Kansas Judge’s Ruling Spotlights Fight Over Teleconference Abortions

TOPEKA, Kansas (BP) — Pro-life Kansans received a blow last week when a judge ruled in favor of abortions by teleconference, something many reportedly thought was already prohibited in their state.

Tele-abortions allow a woman to end her baby’s life without visiting an abortion center. An abortionist can video conference with a pregnant woman from a remote location and immediately prescribe her abortion-inducing drugs. The arrangement leaves women vulnerable to medical complications without a provider close by to treat them.

Shawnee County District Judge Franklin Theis ruled Dec. 31 that a 2018 law safeguarding unborn babies from tele-abortion was invalid and the practice had been legal in Kansas since 2011, when a court order in a different case blocked a similar law. But Kansas state legislators passed another law in 2015 prohibiting tele-abortions.

“Everybody we know, including the pro-abortion groups and our attorney general and our advisers in the state capital, considered the 2015 law operable and in effect and this judge’s claim to be wrong,” Mary Kay Culp, executive director of Kansans for Life, told me.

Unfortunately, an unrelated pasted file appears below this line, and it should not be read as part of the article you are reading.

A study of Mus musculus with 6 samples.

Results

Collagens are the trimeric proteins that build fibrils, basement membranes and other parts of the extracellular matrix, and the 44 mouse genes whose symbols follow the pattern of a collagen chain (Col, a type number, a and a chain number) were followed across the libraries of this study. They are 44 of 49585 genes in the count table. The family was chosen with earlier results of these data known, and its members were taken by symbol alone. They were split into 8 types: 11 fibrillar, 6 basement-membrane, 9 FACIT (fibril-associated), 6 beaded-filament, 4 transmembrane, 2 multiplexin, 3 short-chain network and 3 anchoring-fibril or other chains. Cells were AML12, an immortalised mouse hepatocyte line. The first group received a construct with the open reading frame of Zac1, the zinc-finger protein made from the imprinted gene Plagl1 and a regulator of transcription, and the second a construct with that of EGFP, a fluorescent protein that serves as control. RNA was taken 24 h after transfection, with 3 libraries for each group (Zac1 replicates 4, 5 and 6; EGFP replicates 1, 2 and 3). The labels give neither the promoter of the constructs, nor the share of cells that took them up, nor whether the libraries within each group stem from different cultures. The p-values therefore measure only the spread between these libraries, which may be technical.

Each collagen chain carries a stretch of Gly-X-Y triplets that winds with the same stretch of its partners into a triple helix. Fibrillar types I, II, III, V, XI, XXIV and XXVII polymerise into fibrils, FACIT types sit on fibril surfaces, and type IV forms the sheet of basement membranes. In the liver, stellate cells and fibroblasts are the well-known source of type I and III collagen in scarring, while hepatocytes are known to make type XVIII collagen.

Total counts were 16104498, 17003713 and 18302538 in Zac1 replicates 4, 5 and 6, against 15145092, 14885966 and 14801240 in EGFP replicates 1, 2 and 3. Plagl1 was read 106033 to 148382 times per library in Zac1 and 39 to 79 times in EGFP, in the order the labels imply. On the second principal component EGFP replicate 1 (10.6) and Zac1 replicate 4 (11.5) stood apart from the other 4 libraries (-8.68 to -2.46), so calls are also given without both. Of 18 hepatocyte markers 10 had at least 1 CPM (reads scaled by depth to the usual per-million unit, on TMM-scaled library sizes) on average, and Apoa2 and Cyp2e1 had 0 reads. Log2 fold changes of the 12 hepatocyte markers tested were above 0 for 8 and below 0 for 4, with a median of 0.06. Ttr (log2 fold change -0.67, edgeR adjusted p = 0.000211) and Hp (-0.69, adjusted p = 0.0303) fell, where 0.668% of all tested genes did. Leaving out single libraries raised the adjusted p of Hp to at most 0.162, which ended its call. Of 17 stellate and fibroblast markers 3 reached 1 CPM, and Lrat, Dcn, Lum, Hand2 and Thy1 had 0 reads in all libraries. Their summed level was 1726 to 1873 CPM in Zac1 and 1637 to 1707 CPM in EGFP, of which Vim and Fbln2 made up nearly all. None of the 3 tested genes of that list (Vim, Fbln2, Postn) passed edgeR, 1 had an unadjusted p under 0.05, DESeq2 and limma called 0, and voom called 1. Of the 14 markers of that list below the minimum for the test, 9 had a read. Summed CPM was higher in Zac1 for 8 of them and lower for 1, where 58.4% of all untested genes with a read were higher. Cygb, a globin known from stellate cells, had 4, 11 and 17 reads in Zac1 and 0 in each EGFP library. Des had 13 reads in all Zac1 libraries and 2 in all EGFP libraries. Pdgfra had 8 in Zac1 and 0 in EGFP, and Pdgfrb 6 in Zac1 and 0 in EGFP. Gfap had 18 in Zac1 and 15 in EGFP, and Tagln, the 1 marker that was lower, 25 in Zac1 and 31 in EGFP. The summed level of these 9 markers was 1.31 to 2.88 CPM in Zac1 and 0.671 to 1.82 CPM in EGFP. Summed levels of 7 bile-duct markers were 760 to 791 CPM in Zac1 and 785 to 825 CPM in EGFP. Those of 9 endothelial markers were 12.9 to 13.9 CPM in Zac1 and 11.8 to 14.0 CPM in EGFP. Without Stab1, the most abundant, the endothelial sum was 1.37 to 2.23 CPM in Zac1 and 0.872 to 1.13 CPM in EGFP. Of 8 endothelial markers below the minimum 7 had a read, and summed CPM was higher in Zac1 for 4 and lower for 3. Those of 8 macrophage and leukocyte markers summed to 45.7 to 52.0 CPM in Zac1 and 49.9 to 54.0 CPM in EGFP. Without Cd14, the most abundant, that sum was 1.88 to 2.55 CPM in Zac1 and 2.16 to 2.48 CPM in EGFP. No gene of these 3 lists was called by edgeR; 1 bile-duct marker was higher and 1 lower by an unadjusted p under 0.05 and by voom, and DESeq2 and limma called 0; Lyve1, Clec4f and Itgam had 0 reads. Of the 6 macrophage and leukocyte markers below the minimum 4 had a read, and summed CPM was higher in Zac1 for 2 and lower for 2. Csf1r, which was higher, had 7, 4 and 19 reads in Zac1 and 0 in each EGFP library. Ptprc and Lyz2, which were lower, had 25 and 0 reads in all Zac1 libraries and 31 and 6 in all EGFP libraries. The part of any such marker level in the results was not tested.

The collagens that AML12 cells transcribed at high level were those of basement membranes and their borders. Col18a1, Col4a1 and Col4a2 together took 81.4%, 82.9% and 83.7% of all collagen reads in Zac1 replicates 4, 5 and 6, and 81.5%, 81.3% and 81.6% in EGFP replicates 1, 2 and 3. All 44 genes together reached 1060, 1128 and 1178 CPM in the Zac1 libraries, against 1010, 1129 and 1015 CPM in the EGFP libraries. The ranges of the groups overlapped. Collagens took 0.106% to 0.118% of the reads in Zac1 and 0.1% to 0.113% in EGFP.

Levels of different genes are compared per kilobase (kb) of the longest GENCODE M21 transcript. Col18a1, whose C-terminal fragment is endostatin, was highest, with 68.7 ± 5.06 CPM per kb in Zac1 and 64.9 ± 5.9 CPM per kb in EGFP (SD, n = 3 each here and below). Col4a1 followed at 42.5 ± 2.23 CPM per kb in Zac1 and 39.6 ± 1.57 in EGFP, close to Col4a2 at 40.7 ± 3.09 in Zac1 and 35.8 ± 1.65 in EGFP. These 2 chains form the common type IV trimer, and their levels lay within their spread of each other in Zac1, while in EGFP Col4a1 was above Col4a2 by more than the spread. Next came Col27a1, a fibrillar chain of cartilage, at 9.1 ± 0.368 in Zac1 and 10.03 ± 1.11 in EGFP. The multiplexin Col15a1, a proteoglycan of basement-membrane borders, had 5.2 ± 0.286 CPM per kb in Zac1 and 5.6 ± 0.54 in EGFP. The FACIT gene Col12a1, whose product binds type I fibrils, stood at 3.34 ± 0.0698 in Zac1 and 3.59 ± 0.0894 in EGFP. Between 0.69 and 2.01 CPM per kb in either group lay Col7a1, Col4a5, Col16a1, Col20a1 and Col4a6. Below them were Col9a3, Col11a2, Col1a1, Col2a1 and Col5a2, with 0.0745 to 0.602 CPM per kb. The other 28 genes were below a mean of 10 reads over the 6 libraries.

Abortionists, she said, had even been obeying the law by not performing tele-abortions until last fall, when the issue came up again because of language in a broader bill about telemedicine in Kansas.

“Judge Theis is standing like a sentinel in front of the abortion clinics in not letting the 2011 law out from under his grasp, even though he’s wrong in saying the 2015 telemedicine law didn’t replace it, because it did,” Culp said.

Rachel Busick, an attorney with Americans United for Life, said the case of the 2011 telemedicine law is still at the trial stage. Until Theis rules on that law, legislators’ hands are tied.

Part of the reason the 2011 telemedicine law didn’t immediately stand up to a lawsuit, according to Busick, was that it didn’t include a provision for medical emergency for the mother. One of the challenges pro-life legislators face, she said, is to “ensure that [a proposed law] has the necessary provisions and framework to give it the best possible chance to survive any court challenge.”